Danville is one of the top eight communities with a shot at winning an award for revitalization of its commercial district.
The city’s River District Association announced Tuesday morning that the city is a semifinalist for the Great American Main Street Award.
“This is just such a huge honor,” River District Association Executive Director Diana Schwartz said during an event held at Main Street Plaza for the announcement.
The honor recognizes localities for preservation-based commercial district revitalization and is bestowed by the National Main Street Center.
“We are very grateful for the team at the National Main Street Center for recognizing the hard work that has been done in the River District for the past decade,” Schwartz said in a prepared statement.
Schwartz said she did not know how many communities applied for the award.
“It’s extremely competitive,” she said.
The National Main Street Center was established as a program of the National Trust for Historic Preservation in 1980 as a way to address issues facing older and historic downtowns during that time, according to the center’s website.
Working with a nationwide network of coordinating programs and local communities, Main Street has helped more than 2,000 communities across the country bring economic back downtown, while celebrating their historic character and bringing communities together, according to the group’s website.
In 2013, the National Main Street Center became an independent subsidiary of the National Trust. The center is based in Chicago, with an office in Washington, D.C., and field staff throughout the country.
The eight semifinalists were selected from a nationwide pool of applications.
Criteria for winning include strength of the Main Street program in spurring community transformation; commitment to historic preservation; innovative programming; implementation of cross-sector partnerships; community outreach and stakeholder engagement; and commitment to diversity, equity and inclusion, said Kelvin Perry, president of the River District Association board.
“Since 1995, 100 Main Street programs have been honored,” Perry said at the event. “Winners are selected from a nationwide pool of applicants by a jury of Main Street professionals and leaders in the community in economic development and historic preservation.”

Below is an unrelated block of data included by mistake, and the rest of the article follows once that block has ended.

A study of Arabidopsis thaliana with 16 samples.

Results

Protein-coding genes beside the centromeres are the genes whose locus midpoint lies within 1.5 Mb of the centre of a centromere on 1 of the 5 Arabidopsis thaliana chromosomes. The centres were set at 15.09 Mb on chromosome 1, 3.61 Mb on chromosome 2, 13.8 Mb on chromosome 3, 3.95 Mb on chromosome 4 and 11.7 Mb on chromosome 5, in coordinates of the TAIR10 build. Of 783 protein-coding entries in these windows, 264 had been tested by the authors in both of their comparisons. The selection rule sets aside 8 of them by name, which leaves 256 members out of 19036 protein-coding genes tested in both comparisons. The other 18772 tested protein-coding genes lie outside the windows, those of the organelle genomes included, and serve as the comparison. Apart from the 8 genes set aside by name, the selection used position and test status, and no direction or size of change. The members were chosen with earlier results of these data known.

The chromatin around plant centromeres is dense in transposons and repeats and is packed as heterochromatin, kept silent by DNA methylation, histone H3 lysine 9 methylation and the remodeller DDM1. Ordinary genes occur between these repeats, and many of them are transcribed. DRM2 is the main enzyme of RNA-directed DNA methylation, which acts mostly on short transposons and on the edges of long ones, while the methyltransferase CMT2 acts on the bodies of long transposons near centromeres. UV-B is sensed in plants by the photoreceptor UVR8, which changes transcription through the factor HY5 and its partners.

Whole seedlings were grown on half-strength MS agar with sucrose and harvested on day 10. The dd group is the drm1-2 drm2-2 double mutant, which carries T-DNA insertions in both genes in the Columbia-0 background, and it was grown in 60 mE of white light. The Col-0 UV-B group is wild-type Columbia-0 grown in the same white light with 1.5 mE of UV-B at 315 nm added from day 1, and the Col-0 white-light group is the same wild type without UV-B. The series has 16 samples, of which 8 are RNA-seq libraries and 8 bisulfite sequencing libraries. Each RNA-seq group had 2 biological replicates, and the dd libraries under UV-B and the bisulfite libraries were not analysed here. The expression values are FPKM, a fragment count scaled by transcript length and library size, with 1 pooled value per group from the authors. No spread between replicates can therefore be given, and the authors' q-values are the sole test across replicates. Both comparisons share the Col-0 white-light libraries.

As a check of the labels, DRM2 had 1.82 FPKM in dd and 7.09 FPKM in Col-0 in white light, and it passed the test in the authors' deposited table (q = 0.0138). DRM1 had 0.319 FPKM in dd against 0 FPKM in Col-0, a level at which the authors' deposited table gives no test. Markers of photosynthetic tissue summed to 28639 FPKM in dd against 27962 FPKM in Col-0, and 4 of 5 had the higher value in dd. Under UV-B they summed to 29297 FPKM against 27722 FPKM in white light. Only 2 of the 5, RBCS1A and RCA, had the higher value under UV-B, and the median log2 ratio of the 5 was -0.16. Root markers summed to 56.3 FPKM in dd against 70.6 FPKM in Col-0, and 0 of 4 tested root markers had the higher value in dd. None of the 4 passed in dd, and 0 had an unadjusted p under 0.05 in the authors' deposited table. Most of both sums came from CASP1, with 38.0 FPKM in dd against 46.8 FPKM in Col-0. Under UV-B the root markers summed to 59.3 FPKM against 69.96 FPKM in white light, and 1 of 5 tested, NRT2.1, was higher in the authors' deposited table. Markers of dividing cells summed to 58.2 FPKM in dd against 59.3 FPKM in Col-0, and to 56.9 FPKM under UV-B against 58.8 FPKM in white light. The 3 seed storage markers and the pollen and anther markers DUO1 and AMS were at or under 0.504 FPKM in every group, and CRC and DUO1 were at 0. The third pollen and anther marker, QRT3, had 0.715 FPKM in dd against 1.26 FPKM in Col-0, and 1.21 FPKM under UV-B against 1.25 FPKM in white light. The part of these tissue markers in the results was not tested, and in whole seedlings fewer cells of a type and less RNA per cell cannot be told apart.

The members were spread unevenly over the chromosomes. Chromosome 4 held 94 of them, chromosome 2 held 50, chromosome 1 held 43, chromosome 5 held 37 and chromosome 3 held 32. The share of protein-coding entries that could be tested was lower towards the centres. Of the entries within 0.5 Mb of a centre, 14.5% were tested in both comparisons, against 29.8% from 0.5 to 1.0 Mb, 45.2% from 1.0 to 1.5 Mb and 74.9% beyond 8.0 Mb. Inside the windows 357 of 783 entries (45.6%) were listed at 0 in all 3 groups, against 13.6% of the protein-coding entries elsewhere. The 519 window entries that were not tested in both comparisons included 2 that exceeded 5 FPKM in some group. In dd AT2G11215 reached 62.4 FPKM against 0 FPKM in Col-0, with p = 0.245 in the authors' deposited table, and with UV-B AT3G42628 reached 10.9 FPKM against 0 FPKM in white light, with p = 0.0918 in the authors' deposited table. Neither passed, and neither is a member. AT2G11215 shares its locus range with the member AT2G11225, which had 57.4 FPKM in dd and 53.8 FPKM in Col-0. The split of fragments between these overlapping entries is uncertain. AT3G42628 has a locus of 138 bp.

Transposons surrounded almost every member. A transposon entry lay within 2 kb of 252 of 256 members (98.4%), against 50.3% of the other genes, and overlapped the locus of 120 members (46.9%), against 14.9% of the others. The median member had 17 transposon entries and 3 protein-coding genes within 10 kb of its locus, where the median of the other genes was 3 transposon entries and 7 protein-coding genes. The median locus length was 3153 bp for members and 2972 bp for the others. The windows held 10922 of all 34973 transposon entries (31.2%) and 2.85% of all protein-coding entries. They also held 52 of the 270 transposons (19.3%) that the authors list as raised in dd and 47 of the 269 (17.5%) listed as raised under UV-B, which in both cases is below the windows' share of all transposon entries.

The Dan River and the River District distinguish Danville from thousands of other communities, said Mayor Alonzo Jones.
There has been $50 million in public investment in amenities, streetscape projects and infrastructure improvements downtown, and $250 million in private investment, he said.
“Private investment is taking place as hoped and it’s outpacing public investment by five-fold,” Jones said.
Schwartz pointed out that it has taken more than the River District Association to grow downtown. The efforts include partners such as funders, businesses and organizations, she said.
“This is a very prestigious honor that I hope will help our long-term residents recognize that Danville is nationally recognized as a model for revitalization,” Schwartz said. “We look forward to the continued success of our downtown that will illuminate a bright path to move forward and share the improvements and opportunities to all areas of our city and our region.”
The River District Association — formerly known as the Downtown Danville Association — was formed in 1999 to coordinate efforts to revitalize the downtown Danville community, now called the River District.
Danville officials will find out the week of May 16, during the National Main Street Conference in Richmond, whether the city becomes one of the top three communities, Schwartz said.